As with any welding procedure, there are certain adjustments that will need to be made to your welder, especially if you have recently or only welded mild or stainless steel. Workpiece preparation and tungsten choice will also significantly impact your final product.
I Have A TIG Welder; How Do I Start?
First and foremost, you will want to ensure your welder can weld in AC or alternating current. In AC welding, the polarity of the arc changes rapidly from straight to reverse polarity. This is helpful when welding aluminum because the insulating surface oxide layer forms rapidly on aluminum. That layer melts at a higher temperature than the base metal and can make it difficult to melt the base metal.
The alternating current does two different jobs. The reverse polarity breaks the surface oxidation layer, while the straight polarity melts the base metal. This happens hundreds of times a second and makes a distinct buzzing sound when welding.
With your welder set to AC, the next step will be to select your voltage. While there is no perfect answer for your particular setting, a good rule of thumb is 1 amp for every thousandth of material thickness.
For example, working on a ⅛” thick piece of aluminum, setting your amps to 125 will be a good start, and you can fine-tune from there.
Pure Argon is the preferred shielding gas for TIG welding, and the flow rate on your regulator will be measured in cfh or cubic feet per hour. This setting will be based on what cup size you are using. A good rule of thumb is to set your cfh to 2.5x your cup size.
For example, if you are using a number 5 cup, you want your argon flow around 12.5 cfh.
This approximation can be changed based on personal preference and the area in which you are working. There are some other fine adjustments that can be made depending on the capabilities of your welder, which will be focused on later in this article.
My Machine Is Set Up; What’s Next?
We touched briefly on aluminum’s insulating oxide layer and why it makes welding aluminum difficult. Because of this, preparing and cleaning the metal to be welded must be done carefully and only with particular objects. The best tool to use is a stainless steel brush.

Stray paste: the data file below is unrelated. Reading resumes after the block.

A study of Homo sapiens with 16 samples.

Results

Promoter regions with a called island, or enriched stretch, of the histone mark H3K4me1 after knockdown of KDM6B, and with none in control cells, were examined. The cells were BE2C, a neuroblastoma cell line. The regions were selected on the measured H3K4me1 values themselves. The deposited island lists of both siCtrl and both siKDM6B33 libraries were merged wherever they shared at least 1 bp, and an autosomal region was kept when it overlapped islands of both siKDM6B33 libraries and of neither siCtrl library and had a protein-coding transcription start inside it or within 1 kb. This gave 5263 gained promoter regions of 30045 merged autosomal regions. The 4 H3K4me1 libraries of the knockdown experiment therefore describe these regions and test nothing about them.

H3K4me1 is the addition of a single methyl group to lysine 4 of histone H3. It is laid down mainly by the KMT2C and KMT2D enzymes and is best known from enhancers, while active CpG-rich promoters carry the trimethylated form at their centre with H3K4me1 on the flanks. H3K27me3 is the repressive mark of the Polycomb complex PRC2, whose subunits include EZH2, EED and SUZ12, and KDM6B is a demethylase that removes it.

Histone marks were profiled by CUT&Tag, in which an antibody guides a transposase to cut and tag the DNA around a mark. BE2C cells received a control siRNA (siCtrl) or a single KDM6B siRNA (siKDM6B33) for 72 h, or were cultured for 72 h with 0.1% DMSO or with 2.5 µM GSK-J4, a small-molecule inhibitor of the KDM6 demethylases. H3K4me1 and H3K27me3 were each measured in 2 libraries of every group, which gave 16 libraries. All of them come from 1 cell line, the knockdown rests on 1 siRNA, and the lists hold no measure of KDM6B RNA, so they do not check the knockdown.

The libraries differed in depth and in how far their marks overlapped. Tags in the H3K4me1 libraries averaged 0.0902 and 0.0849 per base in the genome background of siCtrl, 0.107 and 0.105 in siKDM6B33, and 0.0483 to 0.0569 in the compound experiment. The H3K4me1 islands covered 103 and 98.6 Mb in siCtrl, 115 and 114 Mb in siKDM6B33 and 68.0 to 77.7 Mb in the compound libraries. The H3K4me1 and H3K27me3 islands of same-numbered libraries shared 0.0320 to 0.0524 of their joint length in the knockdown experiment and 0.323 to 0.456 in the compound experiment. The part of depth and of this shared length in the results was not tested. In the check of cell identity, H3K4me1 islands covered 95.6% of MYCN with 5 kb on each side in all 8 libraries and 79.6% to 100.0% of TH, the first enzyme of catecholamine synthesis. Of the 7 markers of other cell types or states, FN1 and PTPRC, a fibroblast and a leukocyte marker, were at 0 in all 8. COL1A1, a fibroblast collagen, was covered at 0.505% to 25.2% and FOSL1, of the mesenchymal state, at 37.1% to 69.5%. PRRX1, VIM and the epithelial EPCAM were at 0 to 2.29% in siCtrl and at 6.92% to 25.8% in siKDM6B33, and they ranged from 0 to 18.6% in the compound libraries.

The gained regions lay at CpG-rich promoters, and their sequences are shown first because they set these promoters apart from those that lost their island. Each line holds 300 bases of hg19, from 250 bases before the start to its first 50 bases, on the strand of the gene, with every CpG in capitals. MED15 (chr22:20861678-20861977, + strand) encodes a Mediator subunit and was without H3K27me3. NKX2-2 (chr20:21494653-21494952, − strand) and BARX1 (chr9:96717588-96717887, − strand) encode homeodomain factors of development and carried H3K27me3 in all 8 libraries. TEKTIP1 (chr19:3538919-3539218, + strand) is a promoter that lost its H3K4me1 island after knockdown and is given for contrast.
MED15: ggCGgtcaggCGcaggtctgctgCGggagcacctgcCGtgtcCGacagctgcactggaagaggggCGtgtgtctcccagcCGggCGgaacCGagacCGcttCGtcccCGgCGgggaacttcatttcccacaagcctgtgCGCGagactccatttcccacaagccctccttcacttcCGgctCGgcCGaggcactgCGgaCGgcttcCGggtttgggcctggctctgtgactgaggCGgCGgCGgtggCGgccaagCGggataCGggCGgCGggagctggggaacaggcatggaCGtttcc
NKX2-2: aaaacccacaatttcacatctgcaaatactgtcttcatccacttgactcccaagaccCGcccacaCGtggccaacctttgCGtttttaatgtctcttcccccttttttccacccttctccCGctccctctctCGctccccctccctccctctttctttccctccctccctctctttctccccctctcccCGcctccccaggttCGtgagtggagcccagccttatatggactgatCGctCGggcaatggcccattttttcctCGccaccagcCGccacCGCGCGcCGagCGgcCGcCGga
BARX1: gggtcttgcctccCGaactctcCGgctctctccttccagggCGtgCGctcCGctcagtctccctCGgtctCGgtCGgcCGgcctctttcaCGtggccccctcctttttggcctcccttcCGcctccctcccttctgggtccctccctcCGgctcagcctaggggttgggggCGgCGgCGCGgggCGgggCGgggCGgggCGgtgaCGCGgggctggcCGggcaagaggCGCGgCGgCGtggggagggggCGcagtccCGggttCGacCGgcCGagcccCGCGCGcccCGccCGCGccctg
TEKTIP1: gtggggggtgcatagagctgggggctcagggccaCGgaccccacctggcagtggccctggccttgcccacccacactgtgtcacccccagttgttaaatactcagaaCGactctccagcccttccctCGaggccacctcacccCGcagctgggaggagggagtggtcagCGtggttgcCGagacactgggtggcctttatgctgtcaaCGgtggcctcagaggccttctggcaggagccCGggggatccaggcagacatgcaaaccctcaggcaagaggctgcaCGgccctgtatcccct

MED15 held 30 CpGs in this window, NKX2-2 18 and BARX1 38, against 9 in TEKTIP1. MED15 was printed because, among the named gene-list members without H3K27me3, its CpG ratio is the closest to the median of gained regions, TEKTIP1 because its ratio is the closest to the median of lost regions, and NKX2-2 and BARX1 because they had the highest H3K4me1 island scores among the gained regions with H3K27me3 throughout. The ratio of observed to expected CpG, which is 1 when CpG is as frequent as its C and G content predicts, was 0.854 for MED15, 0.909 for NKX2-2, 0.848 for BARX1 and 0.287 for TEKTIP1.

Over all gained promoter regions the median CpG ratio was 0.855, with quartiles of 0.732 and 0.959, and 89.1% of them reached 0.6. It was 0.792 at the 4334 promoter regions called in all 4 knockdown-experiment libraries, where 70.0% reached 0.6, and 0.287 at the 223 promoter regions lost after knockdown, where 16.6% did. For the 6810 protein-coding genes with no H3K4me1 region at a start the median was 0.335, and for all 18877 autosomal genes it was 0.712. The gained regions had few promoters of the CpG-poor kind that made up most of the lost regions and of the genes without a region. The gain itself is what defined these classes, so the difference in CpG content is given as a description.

Avoid using the brush to clean oil, grease or paint from surfaces. To avoid contamination, the stainless brush must only be used on other aluminum surfaces. Acetone is also an excellent solution for cleaning your workpiece. It is good practice to wipe away any residual oxidation or debris from your metal after cleaning with a brush.
Other chemicals, such as brake cleaner, can be used, but you must take extreme caution to use non-chlorinated brake cleaner only. The chemical tetrachloroethylene found in chlorinated brake cleaners makes phosgene gas when exposed to extreme temperatures and can prove fatal. For this reason, it is best to stick with acetone.
With your welder correctly set up and your metal prepared, it is time to choose your tungsten and address a few other finite adjustments on your machine.
There are many choices for tungsten when TIG welding, and every welder generally has their own preference. When starting the Ceriated 2%, gray or the Lanthanated 2%, blue are excellent choices. They can be used on AC or DC and work well with inverter machines.
The thickness of your workpiece will determine the tungsten diameter. Depending on which welder you are using, you may notice a few other adjustments we still need to cover, both pertinent to TIG welding aluminum.
- The first is balance. Balance refers to the negative and positive current percentages alternating between the electrode and your workpiece. A good starting point is 30% AC and 70% DC. This balance will clean the aluminum well and still allow for excellent penetration. This setting will keep the tungsten relatively cool and prevent you from constantly balling the end.
- The second adjustment is frequency. This will be measured in Hz; a good starting point is between 100 and 120 Hz. Adjusting the frequency will change the arc cone’s shape and the arc force’s strength. The increasing frequency will narrow the cone and increase the force.
These settings are more for those experienced in TIG welding, but the above suggestions should get you going. This summarizes what it takes to get started, and everybody’s situation or preferences will differ. Once you are comfortable setting up the machine, you can tweak certain adjustments to your liking.
Ready, Set, Weld!
Now that you are all set, it’s finally time to weld. Attach your ground clamp to your workpiece and ensure you have the proper safety equipment. A quality welding hood is an excellent investment, make sure it is turned on and has functioning batteries. The arc will produce extreme heat, so you should always wear the proper gloves for handling materials, filler rods and torch. Make sure to get your puddle formed quickly. Moving the torch smoothly and feeding wire quickly will produce a nice strong and good-looking weld.